Random Variables – Continuous

A Random Variable is a set of possible values from a random experiment.

Example: Tossing a coin: we could get Heads or Tails.

Let’s give them the values Heads=0 and Tails=1 and we have a Random Variable “X”:


In short:

X = {0, 1}


Note: We could have chosen Heads=100 and Tails=150 if we wanted! It is our choice.


Random Variables can be either Discrete or Continuous:

  • Discrete Data can only take certain values (such as 1,2,3,4,5)
  • Continuous Data can take any value within a range (such as a person’s height)

In our Introduction to Random Variables (please read that first!) we look at many examples of Discrete Random Variables.

But here we look at the more advanced topic of Continuous Random Variables.


The Uniform Distribution

(Also called the Rectangular Distribution).

The Uniform Distribution has equal probability for all values of the Random variable between a and b:

The probability of any value between a and b is p


We also know that p = 1/(b-a), because the total of all probabilities must be 1, so

the area of the rectangle = 1
p × (b−a) = 1
p = 1/(b−a)

We can write:

P(X = x) = 1/(b−a) for a ≤ x ≤ b
P(X = x) = 0 otherwise

Example: Old Faithful erupts every 91 minutes. You arrive there at random and wait for 20 minutes … what is the probability you will see it erupt?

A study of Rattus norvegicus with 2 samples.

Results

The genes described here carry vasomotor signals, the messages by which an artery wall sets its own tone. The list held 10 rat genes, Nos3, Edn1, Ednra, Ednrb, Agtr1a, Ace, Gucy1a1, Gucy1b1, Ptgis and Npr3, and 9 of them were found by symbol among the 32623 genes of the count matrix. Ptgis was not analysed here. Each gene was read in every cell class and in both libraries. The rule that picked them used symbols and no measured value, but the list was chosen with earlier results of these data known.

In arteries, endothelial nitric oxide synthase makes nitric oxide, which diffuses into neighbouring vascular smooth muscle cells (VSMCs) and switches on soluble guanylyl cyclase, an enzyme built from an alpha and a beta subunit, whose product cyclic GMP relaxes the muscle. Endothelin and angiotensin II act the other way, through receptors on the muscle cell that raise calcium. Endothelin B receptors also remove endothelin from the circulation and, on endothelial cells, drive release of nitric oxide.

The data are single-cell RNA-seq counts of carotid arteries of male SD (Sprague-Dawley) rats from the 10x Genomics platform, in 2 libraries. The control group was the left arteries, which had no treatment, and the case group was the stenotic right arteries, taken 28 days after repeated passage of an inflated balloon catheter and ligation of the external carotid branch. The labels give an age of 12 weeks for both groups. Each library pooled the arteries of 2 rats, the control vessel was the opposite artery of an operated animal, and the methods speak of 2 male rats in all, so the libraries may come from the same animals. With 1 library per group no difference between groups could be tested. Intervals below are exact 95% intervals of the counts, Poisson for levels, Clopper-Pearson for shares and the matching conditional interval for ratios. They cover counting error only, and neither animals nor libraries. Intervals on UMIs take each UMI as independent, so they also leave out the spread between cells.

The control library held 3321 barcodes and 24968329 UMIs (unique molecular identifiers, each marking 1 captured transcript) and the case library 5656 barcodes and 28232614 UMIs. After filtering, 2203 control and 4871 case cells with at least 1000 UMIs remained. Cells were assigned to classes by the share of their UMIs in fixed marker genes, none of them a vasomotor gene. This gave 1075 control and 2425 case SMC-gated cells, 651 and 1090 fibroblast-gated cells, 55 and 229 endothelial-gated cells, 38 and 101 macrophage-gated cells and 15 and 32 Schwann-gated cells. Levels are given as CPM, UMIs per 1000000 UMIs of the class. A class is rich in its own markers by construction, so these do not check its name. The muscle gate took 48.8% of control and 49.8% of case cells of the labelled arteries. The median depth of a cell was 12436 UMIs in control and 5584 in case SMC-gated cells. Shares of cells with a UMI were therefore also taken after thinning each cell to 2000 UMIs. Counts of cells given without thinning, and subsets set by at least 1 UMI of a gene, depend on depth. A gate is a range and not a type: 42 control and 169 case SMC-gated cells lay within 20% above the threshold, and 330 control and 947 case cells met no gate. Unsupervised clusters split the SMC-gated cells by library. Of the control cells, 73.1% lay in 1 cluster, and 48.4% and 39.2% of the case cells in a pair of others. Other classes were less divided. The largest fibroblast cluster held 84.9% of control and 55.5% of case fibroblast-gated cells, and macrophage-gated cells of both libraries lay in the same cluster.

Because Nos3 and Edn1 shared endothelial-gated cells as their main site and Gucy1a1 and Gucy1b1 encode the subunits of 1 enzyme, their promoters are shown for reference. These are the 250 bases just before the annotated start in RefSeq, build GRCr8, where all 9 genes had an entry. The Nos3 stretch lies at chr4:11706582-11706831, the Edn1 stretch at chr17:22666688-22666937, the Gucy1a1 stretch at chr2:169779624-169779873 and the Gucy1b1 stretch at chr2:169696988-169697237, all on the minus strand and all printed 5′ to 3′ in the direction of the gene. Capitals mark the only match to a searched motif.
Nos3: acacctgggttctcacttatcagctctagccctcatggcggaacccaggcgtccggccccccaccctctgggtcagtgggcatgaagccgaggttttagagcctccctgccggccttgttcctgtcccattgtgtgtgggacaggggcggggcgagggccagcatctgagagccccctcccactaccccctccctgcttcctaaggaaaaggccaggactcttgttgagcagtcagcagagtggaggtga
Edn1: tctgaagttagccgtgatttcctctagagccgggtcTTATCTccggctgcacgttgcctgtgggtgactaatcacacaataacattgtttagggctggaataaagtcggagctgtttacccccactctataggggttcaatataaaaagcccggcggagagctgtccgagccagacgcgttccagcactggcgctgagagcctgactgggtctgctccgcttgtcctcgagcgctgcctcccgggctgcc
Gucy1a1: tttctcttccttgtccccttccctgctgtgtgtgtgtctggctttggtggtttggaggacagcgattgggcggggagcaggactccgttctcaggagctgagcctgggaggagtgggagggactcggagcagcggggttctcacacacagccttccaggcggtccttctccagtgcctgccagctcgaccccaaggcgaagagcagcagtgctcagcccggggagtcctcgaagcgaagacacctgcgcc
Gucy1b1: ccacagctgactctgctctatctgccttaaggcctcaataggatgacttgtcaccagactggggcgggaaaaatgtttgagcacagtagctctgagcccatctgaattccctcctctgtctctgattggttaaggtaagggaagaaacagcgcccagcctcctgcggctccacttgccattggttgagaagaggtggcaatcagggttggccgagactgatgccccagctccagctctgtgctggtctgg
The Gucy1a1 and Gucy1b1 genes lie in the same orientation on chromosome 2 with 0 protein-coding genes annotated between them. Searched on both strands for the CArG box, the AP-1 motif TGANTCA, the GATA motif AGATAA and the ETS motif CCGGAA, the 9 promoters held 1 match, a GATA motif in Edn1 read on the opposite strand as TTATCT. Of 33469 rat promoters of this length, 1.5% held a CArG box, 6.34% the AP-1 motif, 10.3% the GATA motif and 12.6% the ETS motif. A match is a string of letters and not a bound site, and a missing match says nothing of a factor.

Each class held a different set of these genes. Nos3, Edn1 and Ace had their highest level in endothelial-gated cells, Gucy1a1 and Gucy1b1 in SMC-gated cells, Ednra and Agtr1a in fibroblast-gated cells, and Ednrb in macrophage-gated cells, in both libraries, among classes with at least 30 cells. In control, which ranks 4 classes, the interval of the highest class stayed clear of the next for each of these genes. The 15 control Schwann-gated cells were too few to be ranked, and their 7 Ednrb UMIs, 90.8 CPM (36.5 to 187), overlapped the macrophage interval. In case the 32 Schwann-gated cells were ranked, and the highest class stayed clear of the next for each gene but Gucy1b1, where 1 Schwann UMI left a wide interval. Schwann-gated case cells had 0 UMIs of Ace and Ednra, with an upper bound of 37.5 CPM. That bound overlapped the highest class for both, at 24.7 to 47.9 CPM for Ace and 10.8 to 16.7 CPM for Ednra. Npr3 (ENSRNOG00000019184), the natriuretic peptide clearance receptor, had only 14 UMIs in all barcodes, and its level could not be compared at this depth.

This is actually easy to calculate, 20 minutes out of 91 minutes is:

p = 20/91 = 0.22 (to 2 decimals)


But let’s use the Uniform Distribution for practice.

To find the probability between a and a+20, find the blue area:


Area = (1/91) x (a+20 – a) = (1/91) x 20 = 20/91 = 0.22 (to 2 decimals)

So there is a 0.22 probability you will see Old Faithful erupt.


If you waited the full 91 minutes you would be sure (p=1) to have seen it erupt.

But remember this is a random thing! It might erupt the moment you arrive, or any time in the 91 minutes.

Cumulative Uniform Distribution

We can have the Uniform Distribution as a cumulative (adding up as it goes along) distribution:

The probability starts at 0 and builds up to 1

This type of thing is called a “Cumulative distribution function”, often shortened to “CDF”

Example (continued):

Let’s use the “CDF” of the Uniform Distribution to work out the probability:

At a+20 the probability has accumulated to about 0.22

Other Distributions

Knowing how to use the Uniform Distribution helps when dealing with more complicated distributions like this one:

The general name for any of these is probability density function or “pdf”


The Normal Distribution

The most important continuous distribution is the Standard Normal Distribution

It is so important the Random Variable has its own special letter Z.

The graph for Z is a symmetrical bell-shaped curve:

Usually we want to find the probability of Z being between certain values.

Example: P(0 < Z < 0.45)

(What is the probability that Z is between 0 and 0.45)This is found by using the Standard Normal Distribution Table

Start at the row for 0.4, and read along until 0.45: there is the value 0.1736

P(0 < Z < 0.45) = 0.1736



A Random Variable is a variable whose possible values are numerical outcomes of a random experiment.

Random Variables can be discrete or continuous.

An important example of a continuous Random variable is the Standard Normal variable, Z.